Knowledge Platform

Method of Calculating Compensation

The building blocks of the regulations are essentially the same – with the mandated carrier response generally based upon the length of the delay. The disparity however lies in the method by which the carrier is expected to calculate the amount of compensation payable to the passenger where it falls due, which not only creates inequality for passengers but also travel service providers as between modes.

By way of example, for sea and rail, the amount of compensation payable is based upon a fixed percentage sum of the ticket price (for the segment during which the delay occurred if a return ticket), according to the length of the delay. For air, the amount of compensation payable is a fixed sum based upon the length of the journey and length of the delay.

As there is no correlation to the price paid, this can lead to disproportionate sums of compensation being paid out, particularly by low cost airlines, who in some cases, may face having to reimburse the cost of the tickets and pay out compensation in excess of the price paid for the ticket where the delay exceeds a certain length of time.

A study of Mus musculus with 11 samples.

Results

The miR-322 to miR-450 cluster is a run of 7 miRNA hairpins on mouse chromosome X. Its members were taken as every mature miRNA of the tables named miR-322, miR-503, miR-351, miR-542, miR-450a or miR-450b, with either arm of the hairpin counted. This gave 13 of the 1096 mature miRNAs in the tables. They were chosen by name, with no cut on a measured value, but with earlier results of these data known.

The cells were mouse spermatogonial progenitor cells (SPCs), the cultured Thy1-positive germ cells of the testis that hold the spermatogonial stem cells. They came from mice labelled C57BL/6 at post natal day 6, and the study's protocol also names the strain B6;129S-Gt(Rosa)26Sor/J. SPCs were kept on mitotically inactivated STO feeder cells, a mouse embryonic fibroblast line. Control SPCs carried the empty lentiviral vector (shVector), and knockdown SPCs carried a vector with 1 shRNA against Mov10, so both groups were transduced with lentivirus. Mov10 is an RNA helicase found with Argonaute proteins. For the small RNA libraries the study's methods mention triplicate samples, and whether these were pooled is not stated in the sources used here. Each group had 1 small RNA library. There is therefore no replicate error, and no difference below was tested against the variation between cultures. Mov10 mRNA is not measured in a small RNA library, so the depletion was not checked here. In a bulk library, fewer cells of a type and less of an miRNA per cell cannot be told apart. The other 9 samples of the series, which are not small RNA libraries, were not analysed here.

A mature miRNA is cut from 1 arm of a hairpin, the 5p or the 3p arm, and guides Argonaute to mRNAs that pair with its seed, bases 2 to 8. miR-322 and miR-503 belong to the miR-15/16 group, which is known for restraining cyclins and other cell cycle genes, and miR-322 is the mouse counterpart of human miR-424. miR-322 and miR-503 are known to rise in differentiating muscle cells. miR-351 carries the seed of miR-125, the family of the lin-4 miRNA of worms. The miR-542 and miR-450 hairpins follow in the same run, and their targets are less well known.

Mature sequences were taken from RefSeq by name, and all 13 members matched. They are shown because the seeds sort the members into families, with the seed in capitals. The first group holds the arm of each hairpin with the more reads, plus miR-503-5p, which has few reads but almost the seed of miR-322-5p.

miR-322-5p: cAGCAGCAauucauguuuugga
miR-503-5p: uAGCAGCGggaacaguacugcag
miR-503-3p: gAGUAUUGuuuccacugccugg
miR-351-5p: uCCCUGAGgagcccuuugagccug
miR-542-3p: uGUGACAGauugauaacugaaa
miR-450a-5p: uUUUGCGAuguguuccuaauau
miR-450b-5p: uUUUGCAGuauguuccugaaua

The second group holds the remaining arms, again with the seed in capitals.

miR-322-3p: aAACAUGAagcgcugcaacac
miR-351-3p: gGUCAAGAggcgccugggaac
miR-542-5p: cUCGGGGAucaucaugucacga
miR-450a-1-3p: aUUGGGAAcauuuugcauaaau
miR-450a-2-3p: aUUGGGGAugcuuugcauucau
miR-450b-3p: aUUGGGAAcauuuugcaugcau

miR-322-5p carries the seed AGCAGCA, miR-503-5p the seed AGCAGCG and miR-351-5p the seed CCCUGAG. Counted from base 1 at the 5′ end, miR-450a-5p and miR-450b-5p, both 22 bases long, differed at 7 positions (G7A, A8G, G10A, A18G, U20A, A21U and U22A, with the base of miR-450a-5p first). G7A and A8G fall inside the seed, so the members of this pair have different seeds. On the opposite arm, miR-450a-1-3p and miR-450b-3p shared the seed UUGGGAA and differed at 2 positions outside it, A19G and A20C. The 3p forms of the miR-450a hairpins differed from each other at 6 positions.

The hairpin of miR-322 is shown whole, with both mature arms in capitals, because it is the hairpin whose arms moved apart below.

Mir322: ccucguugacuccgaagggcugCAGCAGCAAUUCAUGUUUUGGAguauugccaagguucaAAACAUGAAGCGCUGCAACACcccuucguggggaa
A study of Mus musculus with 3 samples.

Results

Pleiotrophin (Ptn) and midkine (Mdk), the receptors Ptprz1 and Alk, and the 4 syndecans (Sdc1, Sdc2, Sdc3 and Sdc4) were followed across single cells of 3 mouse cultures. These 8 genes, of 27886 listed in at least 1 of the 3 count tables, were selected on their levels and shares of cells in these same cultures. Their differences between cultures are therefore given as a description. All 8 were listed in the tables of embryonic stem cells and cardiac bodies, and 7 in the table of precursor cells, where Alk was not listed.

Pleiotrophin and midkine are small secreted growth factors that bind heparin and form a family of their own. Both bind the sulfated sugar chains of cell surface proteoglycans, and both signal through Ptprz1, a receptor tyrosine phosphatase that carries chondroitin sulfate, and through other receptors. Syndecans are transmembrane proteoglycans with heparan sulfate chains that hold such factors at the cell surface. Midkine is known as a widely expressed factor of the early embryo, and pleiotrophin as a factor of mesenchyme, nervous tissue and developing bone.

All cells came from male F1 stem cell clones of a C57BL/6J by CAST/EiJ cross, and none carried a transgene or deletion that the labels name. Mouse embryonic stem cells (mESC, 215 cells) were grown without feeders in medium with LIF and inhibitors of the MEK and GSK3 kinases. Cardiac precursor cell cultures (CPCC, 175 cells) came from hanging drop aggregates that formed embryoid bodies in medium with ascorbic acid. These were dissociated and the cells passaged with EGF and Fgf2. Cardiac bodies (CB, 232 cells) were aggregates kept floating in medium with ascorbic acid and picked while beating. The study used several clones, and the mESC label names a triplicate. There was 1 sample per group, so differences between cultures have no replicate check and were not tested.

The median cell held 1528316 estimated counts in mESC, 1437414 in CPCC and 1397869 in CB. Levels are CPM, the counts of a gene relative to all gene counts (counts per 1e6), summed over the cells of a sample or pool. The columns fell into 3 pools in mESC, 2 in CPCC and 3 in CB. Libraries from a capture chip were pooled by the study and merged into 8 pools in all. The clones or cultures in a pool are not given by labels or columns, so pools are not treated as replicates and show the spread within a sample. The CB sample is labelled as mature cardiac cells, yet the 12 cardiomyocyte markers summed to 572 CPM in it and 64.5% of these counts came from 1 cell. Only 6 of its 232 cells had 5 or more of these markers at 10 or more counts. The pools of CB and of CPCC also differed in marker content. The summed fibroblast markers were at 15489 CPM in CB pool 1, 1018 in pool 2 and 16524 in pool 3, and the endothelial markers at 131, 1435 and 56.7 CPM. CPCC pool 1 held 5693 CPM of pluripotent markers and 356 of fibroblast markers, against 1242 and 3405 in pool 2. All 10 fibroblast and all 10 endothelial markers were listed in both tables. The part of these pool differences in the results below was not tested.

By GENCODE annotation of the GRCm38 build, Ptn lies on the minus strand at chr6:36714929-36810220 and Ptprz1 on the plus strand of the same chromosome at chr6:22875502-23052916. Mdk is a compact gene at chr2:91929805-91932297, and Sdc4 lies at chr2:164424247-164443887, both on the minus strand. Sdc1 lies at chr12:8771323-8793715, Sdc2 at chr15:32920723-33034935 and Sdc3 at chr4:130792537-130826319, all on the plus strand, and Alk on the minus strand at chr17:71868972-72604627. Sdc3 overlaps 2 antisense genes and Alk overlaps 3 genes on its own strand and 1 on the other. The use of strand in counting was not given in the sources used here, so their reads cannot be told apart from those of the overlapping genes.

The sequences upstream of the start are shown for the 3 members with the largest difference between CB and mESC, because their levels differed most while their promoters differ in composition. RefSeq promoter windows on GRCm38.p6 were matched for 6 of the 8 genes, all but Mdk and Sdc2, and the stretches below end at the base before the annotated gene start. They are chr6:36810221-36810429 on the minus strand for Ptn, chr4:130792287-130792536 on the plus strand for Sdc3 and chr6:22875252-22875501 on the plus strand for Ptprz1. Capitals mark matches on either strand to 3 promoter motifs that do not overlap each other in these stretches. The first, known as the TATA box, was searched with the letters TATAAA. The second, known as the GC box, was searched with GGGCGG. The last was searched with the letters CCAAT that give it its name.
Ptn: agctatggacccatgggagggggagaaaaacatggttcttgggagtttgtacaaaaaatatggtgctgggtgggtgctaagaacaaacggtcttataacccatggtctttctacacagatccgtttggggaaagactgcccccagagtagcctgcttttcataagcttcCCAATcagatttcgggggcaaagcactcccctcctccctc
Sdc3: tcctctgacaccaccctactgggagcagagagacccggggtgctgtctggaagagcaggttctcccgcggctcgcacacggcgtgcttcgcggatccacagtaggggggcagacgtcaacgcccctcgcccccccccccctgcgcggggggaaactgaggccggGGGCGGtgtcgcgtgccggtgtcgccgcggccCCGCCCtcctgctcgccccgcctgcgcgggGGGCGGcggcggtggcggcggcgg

That said, within the industry as a whole it has never been considered beneficial for airlines to compensate based on ticket price due to the different fare classes – which would mean that those who pay for business or first class for example would be compensated at a higher level because they can have purchased a premium fare. This would contradict the very principle behind the various passenger rights regimes that aims to create a fair liability/compensation regime for all passengers. It should also be noted that ‘compensation’ is in any event payable under both the sea and air regimes for delays and denied boarding and is distinct from the right to reimbursement of the ticket price – which arises in certain circumstances.

Due to the very different fare structure for the various modes of transport, it is difficult to envisage a scenario where the methods for calculating compensation perhaps should or even could be aligned.

Further analysis may need to be undertaken and input from key industry stakeholders and associations sought in order to analyse the potential impact on both passengers and travel service providers of bringing the methods in to line across transport modes.